For the average organization, employee benefits can consume up to 30% of payroll. This spend is one of the largest on a company’s income statement. Yet, this area is often the least aligned with organizational objectives. Put simply, benefits are often not managed like a business. That doesn’t mean there isn’t thought or effort put into the construct. But it does mean that the processes used to manage a business are not found, or at least are not as robust, within the management of a benefits program. The result is a misalignment between effort and results as well as missed directed funds or, even worse, wasted cash.
Here are 5 suggestions for improving the management of your benefits program to make it more effective and efficient:
1. Set quantifiable goals
Without taking the time to determine a set of tangible and measurable outcomes, it’s impossible to accurately assess whether any program is working, let alone succeeding. This is the first and perhaps the most critical step in running an employee benefits program like an efficient business. Work with leadership and stakeholders to understand what “success” looks like from multiple facets of the organization, then attach quantifiable figures to your goals. These goals should reflect desired financial outcomes, workforce engagement and enablement, and administrative efficiency so they align with total rewards and organizational targets. Once these expectations are determined, be sure to broadly communicate and socialize them.
2. Integrate with total rewards
An effective benefits program is one that seamlessly integrates with your strategy since your workforce is the key enabler to that strategy. Benefits is often managed as a stand-alone program when it should be balanced with other total rewards efforts. For example, benefits may be less valued than other aspects of total rewards so efficiencies can be found within benefits and redeployed elsewhere rather than trying to optimize benefits isolation. Of course in some industries, benefits will be a primary focus, but spend will need to be optimized so it generates the most impact in recruitment, retention and engagement. Also, different segments of your population value different things so there should be some mass customization within your program.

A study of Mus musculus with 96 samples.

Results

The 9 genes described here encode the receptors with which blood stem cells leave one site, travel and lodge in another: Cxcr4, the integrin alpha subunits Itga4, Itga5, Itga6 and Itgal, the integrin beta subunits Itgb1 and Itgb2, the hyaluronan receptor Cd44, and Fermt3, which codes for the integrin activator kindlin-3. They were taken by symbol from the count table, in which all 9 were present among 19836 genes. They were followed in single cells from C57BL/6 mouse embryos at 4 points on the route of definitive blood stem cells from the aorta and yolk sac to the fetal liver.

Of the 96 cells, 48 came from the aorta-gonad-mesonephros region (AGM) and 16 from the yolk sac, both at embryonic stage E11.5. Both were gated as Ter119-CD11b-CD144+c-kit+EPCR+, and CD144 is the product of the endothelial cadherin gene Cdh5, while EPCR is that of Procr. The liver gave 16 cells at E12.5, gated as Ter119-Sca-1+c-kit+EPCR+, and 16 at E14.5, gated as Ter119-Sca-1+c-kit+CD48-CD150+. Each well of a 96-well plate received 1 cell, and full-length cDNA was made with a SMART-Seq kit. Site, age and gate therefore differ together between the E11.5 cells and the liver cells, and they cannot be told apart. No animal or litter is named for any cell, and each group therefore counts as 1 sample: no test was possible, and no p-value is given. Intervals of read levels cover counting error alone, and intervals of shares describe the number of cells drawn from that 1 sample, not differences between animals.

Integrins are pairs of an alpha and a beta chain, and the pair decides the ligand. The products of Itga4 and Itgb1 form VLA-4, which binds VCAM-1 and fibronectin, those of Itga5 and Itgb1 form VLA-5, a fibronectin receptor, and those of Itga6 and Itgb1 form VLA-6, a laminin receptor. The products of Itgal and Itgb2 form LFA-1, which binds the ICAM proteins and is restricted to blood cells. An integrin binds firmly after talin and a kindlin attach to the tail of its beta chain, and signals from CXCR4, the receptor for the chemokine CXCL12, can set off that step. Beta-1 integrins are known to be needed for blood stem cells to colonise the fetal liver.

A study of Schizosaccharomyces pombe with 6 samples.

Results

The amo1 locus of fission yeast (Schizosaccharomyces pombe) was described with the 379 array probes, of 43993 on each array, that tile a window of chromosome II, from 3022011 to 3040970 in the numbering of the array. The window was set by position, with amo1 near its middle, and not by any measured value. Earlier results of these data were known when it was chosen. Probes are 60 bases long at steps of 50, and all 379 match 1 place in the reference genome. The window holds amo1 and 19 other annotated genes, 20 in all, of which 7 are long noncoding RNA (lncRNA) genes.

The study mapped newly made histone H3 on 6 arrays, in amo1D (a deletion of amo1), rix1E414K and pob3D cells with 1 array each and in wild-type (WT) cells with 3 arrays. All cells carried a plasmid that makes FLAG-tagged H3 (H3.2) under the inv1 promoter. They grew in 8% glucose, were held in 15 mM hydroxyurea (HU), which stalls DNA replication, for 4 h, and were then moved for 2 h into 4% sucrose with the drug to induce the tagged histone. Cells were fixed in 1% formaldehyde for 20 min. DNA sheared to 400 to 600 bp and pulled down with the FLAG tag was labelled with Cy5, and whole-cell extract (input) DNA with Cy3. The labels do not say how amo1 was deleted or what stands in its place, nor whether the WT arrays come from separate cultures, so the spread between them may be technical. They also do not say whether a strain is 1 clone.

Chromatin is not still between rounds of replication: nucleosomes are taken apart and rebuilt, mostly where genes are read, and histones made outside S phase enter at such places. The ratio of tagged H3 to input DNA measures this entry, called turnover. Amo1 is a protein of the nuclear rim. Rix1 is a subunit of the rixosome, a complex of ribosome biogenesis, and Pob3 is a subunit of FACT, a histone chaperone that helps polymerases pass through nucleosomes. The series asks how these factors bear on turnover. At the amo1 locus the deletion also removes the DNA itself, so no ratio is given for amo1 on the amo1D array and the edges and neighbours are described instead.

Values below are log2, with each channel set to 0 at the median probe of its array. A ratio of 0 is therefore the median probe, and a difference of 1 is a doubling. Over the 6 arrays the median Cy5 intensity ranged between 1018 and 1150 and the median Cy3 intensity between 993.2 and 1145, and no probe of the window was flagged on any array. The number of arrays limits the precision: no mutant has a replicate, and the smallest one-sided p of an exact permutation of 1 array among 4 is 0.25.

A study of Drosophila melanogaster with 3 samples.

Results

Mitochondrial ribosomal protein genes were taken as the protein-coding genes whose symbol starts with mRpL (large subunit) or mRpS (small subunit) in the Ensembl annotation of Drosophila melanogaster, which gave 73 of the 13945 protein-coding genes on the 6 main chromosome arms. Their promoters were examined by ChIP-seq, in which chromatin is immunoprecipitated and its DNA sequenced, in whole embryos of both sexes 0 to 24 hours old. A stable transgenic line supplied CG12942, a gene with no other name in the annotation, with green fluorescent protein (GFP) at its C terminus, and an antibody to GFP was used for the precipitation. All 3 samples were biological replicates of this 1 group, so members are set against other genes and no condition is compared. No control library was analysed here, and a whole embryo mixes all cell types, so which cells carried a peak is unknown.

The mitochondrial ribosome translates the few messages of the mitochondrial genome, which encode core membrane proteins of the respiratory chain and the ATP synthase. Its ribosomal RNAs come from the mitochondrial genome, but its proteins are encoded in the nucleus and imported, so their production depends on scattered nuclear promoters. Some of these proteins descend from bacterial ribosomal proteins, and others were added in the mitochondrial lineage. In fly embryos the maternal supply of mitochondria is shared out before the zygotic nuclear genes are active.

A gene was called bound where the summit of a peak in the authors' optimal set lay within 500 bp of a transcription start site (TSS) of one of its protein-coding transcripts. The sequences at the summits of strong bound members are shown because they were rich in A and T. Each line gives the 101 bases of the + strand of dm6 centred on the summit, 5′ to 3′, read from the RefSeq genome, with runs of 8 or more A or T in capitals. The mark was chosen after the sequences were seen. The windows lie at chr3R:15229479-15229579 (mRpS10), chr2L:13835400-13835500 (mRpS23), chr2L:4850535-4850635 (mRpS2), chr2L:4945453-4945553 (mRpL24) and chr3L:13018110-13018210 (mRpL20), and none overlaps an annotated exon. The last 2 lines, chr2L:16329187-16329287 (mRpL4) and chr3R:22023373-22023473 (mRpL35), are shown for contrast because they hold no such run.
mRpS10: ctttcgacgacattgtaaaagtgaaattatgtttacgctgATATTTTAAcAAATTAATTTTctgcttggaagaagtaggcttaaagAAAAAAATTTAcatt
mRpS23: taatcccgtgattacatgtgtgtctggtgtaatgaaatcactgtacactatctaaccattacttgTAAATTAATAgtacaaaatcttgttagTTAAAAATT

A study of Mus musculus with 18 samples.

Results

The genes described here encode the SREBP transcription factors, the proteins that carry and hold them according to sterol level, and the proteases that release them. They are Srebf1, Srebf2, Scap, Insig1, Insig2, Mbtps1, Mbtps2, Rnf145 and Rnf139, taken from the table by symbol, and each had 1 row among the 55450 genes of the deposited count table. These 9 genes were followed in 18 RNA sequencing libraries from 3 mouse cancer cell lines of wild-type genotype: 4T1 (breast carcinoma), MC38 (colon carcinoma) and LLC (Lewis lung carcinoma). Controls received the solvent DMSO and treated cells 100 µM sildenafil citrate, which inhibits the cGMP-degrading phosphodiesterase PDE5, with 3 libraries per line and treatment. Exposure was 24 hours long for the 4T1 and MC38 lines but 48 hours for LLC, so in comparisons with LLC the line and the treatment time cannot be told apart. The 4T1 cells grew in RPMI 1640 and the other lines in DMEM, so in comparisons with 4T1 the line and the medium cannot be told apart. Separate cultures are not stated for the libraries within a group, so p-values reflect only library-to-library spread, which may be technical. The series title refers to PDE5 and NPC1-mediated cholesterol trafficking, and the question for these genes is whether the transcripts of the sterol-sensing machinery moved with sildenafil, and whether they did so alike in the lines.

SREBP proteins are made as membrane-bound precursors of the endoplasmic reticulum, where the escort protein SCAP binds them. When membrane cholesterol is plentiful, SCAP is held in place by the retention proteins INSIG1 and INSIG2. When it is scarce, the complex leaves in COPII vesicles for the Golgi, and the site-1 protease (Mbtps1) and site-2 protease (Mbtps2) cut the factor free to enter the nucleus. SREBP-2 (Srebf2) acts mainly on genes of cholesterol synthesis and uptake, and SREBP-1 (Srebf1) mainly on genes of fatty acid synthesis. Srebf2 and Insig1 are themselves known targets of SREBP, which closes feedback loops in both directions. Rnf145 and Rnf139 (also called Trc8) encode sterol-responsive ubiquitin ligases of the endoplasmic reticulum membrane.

3. Align the stakeholders
When building a benefits program, it’s important to understand the views of internal stakeholders (e.g., executives, HR, unions, key population segments) and, more importantly, how they make trade-offs. The goal is not satisfaction but rather alignment around how to redeploy scarce resources to achieve desired goals. Areas where trade-offs need to be made can be framed through the acronym I.D.E.A.L.:
- Influence — level of influence employer should have on employee well-being;
- Disruption — level of disruption the employer is comfortable with;
- Economics — the degree of conservatism in managing financial performance;
- Accountability — extent to which employees should be accountable for selection of benefits and health care services;
- Loyalty — degree to which benefits influences employee loyalty and engagement.
4. Create a multi-year plan
While an annual plan is sufficient for execution, a multi-year view is optimal for developing a strategy. Most organizations will not make disruptive but necessary decisions within a given year. However, if given a longer time horizon, they will take the necessary steps over a period of time. For this reason, setting goals 3-5 years out then developing a roadmap working backwards is most effective. This plan will ultimately include specific tactics that will lead you incrementally and directly to your target outcomes. The key is to move beyond what you want to do this year and think about where you want to be in the future.
The capstone of an effective employee benefits program is consistent, critical evaluation of what’s working and what isn’t. A robust platform for quantifiable measurement and analytics is important for routine assessment of progress and will also help to identify actionable drivers of performance. This evaluation and measurement process should always compare back to the goals set at the start of the program, and the program itself should be flexible enough for real-time modification in order to correct areas of poor performance. The more frequently your organization can assess its benefits program, the better off you’ll be. You must also ask whether you have sufficient tools to provide you with, not just data, but information and knowledge. If not, build or buy them.
For too many organizations, the annual benefits renewal is the moment that benefits planning and evaluation bubbles to the surface. Hasty assessments and changes are made in an effort to do better next year, and benefits continue to be viewed as a necessary evil, instead of a program that is working for the organization.
To the organizations that place employee benefits somewhere in the middle or low end of their list of priorities, I ask: Can you think of any other part of your organization that consumes such a large portion of your bottom line and doesn’t already have a rigorous management process in place? It’s time to get smarter about employee benefits.